One of our favorite supercars is completely new again: the 2016 Audi R8 has debuted this week at the 2015 Geneva Motor Show.

Known and respected for its ability to blend daily-driver comfort with world-class handling and pace, the first-generation Audi R8 ran from 2007 through 2016 as the brand’s halo car. Now, it’s fresh once again.


A 12.3-inch display is centered in front of the driver, much like the display first shown at CES and fitted to the new Audi TT. In the R8, this display offers not only the typical infotainment and instrument information, but also a performance mode with g-force graph, power and torque output, and a shift light indicator. Audi’s latest generation of MMI is powering all of the information, performance data, and more behind the scenes, and is more visually powerful than ever thanks to the Nvidia T30 processor.

2016 Audi R8

2016 Audi R8

2016 Audi R8

2016 Audi R8

2016 Audi R8

2016 Audi R8

But the real changes lie beneath the skin.

Built around a new aluminum and carbon fiber Audi Space Frame chassis, the 2016 Audi R8 weighs just 3,205.5 pounds dry—that’s a weigh savings of as much as 110 pounds over the previous model—including a body-in-white that is about 15 percent lighter than the previous R8’s, while managing a 40 percent increase in torsional stiffness.

Behind the occupants, a new choice of engines come in a familiar size and configuration: the 5.2-liter V-10 is now available in two forms. The standard version (dubbed the R8 V10 this time around) is rated at 532 horsepower, or buyers can opt for an upgraded 602-horsepower variant in the R8 V10 Plus. Peak torque in the V10 Plus is 413 pound-feet, available from 6,500 rpm.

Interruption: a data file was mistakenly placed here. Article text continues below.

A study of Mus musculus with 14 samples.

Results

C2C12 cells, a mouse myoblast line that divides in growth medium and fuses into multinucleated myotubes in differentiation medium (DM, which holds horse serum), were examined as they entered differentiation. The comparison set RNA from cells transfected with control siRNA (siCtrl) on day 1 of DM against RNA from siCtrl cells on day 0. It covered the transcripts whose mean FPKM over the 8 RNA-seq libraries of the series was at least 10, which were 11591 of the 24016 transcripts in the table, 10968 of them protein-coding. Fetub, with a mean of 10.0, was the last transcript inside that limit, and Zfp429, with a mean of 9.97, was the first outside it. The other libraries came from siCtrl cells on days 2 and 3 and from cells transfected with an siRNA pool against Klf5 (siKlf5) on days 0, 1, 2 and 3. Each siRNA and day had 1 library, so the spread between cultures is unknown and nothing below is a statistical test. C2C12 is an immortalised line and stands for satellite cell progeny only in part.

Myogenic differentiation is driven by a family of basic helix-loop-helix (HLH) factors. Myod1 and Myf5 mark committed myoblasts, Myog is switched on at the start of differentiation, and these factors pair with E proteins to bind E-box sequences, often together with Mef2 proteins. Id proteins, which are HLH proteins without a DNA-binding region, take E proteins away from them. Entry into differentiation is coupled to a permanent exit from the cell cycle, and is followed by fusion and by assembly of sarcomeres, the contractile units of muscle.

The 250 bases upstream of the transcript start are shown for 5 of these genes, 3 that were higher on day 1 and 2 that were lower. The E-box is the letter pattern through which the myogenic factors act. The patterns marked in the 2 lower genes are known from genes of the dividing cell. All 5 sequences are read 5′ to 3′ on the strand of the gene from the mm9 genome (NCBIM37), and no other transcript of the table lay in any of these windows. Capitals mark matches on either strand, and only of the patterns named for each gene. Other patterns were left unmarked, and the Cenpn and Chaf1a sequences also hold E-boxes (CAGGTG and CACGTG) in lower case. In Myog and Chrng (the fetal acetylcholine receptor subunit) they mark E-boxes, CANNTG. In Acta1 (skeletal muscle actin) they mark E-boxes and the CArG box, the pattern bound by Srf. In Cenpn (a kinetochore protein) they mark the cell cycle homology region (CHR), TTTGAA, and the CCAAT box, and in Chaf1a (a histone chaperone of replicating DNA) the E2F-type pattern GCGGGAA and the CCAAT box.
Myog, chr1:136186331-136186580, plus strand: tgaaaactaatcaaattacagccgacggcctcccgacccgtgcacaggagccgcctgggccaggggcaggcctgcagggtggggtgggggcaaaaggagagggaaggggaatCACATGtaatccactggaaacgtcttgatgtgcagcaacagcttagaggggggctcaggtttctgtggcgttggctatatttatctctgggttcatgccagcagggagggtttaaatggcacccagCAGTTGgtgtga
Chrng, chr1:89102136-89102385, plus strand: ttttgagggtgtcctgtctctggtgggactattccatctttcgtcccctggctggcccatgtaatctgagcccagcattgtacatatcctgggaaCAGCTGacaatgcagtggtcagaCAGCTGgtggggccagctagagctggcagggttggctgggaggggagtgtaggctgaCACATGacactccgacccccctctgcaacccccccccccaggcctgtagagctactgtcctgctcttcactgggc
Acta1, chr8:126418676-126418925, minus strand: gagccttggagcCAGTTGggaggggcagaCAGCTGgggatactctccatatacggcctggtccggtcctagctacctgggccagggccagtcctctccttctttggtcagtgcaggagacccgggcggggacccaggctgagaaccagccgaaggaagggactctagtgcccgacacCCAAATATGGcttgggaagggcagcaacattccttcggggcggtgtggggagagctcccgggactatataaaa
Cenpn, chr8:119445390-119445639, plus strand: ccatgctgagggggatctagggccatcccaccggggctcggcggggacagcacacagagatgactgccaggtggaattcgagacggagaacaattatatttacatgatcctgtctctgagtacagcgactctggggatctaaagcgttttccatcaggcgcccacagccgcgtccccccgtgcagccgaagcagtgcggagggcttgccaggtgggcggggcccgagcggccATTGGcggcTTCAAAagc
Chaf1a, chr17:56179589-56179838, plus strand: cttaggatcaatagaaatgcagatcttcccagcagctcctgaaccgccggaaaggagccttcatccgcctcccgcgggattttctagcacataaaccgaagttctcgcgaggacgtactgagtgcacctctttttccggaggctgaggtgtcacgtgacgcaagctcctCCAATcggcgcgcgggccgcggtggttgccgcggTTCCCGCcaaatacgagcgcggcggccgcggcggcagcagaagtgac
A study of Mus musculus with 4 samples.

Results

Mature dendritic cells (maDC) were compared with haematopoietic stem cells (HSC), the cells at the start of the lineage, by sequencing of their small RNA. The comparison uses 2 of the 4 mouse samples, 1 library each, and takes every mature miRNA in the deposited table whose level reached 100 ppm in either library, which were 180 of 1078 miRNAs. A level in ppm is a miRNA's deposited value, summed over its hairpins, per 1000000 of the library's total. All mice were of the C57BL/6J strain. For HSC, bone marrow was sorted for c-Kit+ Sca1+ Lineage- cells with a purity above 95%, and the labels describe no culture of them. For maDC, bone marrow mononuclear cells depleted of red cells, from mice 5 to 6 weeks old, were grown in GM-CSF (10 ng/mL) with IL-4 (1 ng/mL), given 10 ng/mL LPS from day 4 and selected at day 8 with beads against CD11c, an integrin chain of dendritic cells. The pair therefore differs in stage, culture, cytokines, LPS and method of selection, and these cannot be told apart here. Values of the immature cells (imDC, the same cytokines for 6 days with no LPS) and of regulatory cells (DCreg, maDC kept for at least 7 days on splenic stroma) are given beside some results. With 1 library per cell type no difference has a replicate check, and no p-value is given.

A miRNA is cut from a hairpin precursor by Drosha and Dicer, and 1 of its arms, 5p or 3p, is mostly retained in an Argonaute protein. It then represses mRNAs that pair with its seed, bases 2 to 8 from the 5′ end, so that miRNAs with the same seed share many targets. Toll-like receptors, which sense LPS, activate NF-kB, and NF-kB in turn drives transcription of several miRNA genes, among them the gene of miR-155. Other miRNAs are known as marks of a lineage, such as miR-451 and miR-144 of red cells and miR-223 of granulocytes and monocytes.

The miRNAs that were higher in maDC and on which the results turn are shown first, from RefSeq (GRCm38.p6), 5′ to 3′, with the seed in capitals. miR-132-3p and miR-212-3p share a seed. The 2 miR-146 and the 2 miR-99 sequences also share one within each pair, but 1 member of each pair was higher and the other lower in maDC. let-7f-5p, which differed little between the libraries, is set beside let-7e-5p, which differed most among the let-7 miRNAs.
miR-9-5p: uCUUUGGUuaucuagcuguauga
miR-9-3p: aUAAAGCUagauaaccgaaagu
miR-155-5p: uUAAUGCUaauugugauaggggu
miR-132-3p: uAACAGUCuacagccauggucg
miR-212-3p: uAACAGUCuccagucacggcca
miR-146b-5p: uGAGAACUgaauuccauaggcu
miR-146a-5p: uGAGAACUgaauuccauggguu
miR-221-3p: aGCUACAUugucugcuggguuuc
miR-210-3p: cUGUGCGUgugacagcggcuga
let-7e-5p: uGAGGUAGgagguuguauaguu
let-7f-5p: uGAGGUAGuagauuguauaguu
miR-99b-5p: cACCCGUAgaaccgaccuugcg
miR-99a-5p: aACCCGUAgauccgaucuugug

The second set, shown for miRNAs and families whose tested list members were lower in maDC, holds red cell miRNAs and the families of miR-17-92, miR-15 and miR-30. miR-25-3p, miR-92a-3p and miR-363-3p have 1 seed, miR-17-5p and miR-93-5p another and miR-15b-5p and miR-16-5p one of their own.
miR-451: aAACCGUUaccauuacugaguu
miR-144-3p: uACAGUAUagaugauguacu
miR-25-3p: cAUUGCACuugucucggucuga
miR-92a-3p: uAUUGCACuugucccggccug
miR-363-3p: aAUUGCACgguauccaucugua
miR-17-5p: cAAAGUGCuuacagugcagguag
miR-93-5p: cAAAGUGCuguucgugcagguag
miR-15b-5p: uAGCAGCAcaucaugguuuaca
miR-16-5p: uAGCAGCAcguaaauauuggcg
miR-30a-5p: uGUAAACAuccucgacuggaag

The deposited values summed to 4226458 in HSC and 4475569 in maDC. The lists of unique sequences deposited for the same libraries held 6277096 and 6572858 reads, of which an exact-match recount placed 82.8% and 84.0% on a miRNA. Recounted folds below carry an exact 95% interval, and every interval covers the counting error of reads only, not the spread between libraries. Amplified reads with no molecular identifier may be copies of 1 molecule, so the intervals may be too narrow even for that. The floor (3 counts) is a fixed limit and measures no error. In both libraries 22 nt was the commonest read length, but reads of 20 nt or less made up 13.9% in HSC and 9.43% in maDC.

A new performance mode for the Audi drive select system offers the driver pre-set traction, shift, steering, and engine parameters for a wide variety of surfaces, including wet, dry, and snow; the new performance mode is standard on V10 Plus models and optional on the standard V10.

Gear shifts are handled by a 7-speed S tronic dual-clutch gearbox, which gains some new features for the 2016 model year. In addition to launch control, manual paddle shift mode, and its three automatic modes (comfort, auto, dynamic), the S tronic gearbox now offers a coasting function: when the driver lifts off the accelerator at speeds above 34 mph, the gearbox opens both clutches, allowing the car to coast without engine drag, thereby increasing gas mileage.

2016 Audi R8

2016 Audi R8

The quattro all-wheel-drive system the power is routed through is also new. Now able to route up to 100 percent of the engine’s torque through either the front or the rear wheels, as well as infinitely varied percentages, thanks to the inclusion of an electrohydraulic multi-plate clutch differential.

Under normal circumstances, 100 percent of the drive torque is sent to the rear wheels, but when the system detects slip or determines front-axle power is needed, it can divert it forward at will. The rear axle also features its own mechanical limited-slip differential to improve traction and dynamics.

All of this power-handling is aided by the chassis and its control systems, which include a double-wishbone aluminum suspension, optional adaptive magnetic ride dampers, and standard electromechanical power steering. An optional dynamic variable ratio steering system is also available, and is also electromechanical.

Even the best chassis in the world relies on its wheels and tires for grip, and so the 2016 Audi R8 V10 comes with 19-inch wheels wrapped in 245/35 front and 295/35 rear tires. Twenty-inch wheel are an available upgrade on the R8 V10, but are standard on the R8 V10 Plus. The V10 Plus also gets 245/30 front and 305/30 rear tires standard, as well as larger carbon ceramic brake discs (also optional on the standard V10).

The 2016 Audi R8 goes on sale this summer. Prices for the new model should mirror the current $155,000 pricing for the R8 V10 coupe, and $175,000 for the V10 Plus. Spyder models are also likely to follow in the near future, and a battery-electric R8 e-tron is also in the pipeline.

For more from the Geneva Motor Show, head to our dedicated hub.